Pregnancy and Lupus
When Is The Best Time To Get Pregnant?
The answer is simple: when you are at your healthiest. Women in SLE remission have much less trouble than do women with active disease. Their babies do much better, and everyone worries less. Good health rules are essential: eat well, take medications as prescribed, visit your doctor(s) regularly, don't smoke, don't drink, and certainly don't use "recreational" drugs.
Frequent doctor visits are important in any high risk pregnancy because many conditions which may occur can be prevented, or treated more easily, if found early. About 20 percent of women with lupus will have a sudden increase in blood pressure, protein in the urine, or both during pregnancy. This is called toxemia of pregnancy (or pre-eclampsia, or pregnancy-induced hypertension). It is a serious condition that requires immediate treatment and often immediate delivery of the baby. Toxemia is more common in older women, in black women, in women with twins, in women with kidney disease, in women with high blood pressure, and in women who smoke.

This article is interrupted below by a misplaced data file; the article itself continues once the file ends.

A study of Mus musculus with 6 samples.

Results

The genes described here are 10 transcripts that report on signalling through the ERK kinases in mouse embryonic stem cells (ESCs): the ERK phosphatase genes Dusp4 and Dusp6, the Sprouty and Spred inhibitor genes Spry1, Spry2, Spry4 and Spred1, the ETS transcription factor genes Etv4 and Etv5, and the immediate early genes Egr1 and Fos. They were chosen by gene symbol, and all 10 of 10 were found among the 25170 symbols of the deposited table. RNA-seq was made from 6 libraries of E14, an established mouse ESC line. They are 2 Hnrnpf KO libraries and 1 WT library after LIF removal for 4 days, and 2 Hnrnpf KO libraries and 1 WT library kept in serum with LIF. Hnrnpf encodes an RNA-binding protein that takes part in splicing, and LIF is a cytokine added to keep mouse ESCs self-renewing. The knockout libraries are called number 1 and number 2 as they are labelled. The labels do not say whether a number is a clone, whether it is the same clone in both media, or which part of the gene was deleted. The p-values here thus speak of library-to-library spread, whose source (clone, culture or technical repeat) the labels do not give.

Serum complement and blood platelet count may be abnormal in these cases. Since complement levels and blood platelet counts are also abnormal during SLE flares, it may be difficult for the doctor to be certain that a flare is not causing these symptoms. If toxemia is promptly treated the woman should be in no danger, but there is a high risk that the baby will die if it is not rapidly delivered. If toxemia is ignored, both the woman and her baby are in danger.
As pregnancy progresses it is often wise for the doctor to check the baby’s growth with sonograms (which are harmless). The doctor should also regularly check the baby’s heart beat. Abnormalities in either the baby’s growth or its heart beat may be the first signs of trouble that can be treated.
Can I Take Medications During Pregnancy?
It is always unwise to take unnecessary medications during pregnancy. However, necessary medications should not be discontinued. Most medications commonly taken by those with SLE are safe to use during pregnancy: prednisone, prednisolone, and probably methylprednisolone (Medrol) do not get through the placenta and are safe for the baby. But others, specifically dexamethasone (Decadrol, Hexadrol) and betamethasone (Celestone) do reach the baby and are used ONLY when it is necessary to treat the baby as well. For example, these medications might be used to help the lungs mature more rapidly if the baby will be premature. A small dose of aspirin is safe. Most physicians now hold that azathioprine (Imuran) and hydroxychloroquine (Plaquenil) do not harm babies, but the final word is not yet in on these. Cyclophosphamide (Cytoxan) and methotrexate are definitely harmful if taken during pregnancy.